Reading as a Child

In Katia Novet Saint-Lot’s debut picture book Amadi’s Snowman, a young Nigerian boy dreams of being a trader.  He thinks he’ll wash cars like the older boys he sees around, and then use the money to buy things like plastic hangers, dish towels and matchboxes, that he’ll sell later.  His mother has different ideas.  She’s hired a tutor to teach him to read so that he can have an office job in the future.  Amadi escapes from the tutor and stumbles upon a book stall on his own.  There, in a book, he sees his first snowman – and discovers the wonders that can be found on the page.
Katia has started a meme about first reading experiences.  Paste the following five questions in your blog.  Answer them, and pass them along.
1. Do you remember the first book you ever read on your own?
2. Do you remember how you felt? If not, maybe you remember how you felt seeing a child read for the first time?
3. Do you remember a book that you read again and again as a child?
4. Why that book? Have you read it again as an adult? If so, was it like you remembered?
5. Why do you read?
Here are my answers:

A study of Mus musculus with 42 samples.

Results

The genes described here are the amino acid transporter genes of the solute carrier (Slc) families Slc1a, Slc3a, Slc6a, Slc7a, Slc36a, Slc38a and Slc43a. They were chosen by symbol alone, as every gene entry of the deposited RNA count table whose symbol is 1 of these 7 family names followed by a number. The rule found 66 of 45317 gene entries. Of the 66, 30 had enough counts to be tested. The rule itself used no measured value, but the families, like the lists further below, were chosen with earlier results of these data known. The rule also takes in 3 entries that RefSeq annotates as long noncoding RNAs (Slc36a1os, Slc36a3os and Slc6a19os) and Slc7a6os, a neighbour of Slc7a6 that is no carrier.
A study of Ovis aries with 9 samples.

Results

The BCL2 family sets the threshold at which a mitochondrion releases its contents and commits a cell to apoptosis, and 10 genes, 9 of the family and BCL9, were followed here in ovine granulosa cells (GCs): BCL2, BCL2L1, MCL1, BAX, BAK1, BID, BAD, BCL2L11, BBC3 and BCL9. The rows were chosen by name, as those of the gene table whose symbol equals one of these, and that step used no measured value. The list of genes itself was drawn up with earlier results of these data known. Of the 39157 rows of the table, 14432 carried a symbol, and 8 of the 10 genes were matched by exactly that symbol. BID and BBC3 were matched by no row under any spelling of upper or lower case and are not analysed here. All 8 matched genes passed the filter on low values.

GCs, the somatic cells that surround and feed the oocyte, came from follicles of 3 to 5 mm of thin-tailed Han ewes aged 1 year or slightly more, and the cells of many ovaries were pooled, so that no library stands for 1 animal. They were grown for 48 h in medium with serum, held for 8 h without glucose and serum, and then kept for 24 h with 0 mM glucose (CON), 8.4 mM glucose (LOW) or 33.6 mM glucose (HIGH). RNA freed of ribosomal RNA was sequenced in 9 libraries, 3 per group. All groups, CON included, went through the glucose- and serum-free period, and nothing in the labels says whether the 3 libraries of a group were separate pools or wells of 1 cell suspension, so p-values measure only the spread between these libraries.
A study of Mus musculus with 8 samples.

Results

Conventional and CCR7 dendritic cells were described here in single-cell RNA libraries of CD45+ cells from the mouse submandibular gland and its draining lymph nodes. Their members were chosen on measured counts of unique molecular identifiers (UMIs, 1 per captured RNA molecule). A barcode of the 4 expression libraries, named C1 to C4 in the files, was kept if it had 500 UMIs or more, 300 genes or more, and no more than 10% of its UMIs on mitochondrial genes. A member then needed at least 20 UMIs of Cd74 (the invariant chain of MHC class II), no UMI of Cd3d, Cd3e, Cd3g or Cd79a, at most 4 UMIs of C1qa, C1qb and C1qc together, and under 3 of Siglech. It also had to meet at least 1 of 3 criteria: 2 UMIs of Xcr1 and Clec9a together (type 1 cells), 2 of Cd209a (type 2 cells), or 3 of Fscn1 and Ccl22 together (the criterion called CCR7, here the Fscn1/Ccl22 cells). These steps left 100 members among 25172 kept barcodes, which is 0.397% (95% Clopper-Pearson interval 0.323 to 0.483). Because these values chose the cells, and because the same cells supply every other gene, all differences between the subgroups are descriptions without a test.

1. Do you remember the first book you ever read on your own?
I honestly don’t.  My earliest memory of reading is of those Dick and Jane readers in first grade (See Dick run!  See Spot run!  Run, Jane, run.”  But my mother tells me that I started reading earlier.  I remember enjoying Go, Dog, Go.  That’s also the first book that my son read in English on his own.
2. Do you remember how you felt? If not, maybe you remember how you felt seeing a child read for the first time?
The first time my son read a book in English, I wanted to break out the champagne.  I was thrilled!  And Go, Dog, Go is very long!!  Back in the day, picture books could go up to 40 or 50 pages! 
3. Do you remember a book that you read again and again as a child?
I loved the Madeline books, the Babar books, the Curious George books, and the series about Clifford the Big Red Dog.  I remember making Babar paper dolls.
4. Why that book? Have you read it again as an adult? If so, was it like you remembered?
I’ve read all of these books to my children.  My kids love them, and I still enjoy them, though the Babar books and the Curious George books seem politically incorrect now…
5. Why do you read?
I love to be transported to other worlds, to learn about new things, to be entertained, to be provoked, to have the pleasure of reading beautiful writing.  Reading relaxes me.  If I can’t read, I become very grumpy.  Books can also offer companionship and help us feel less alone.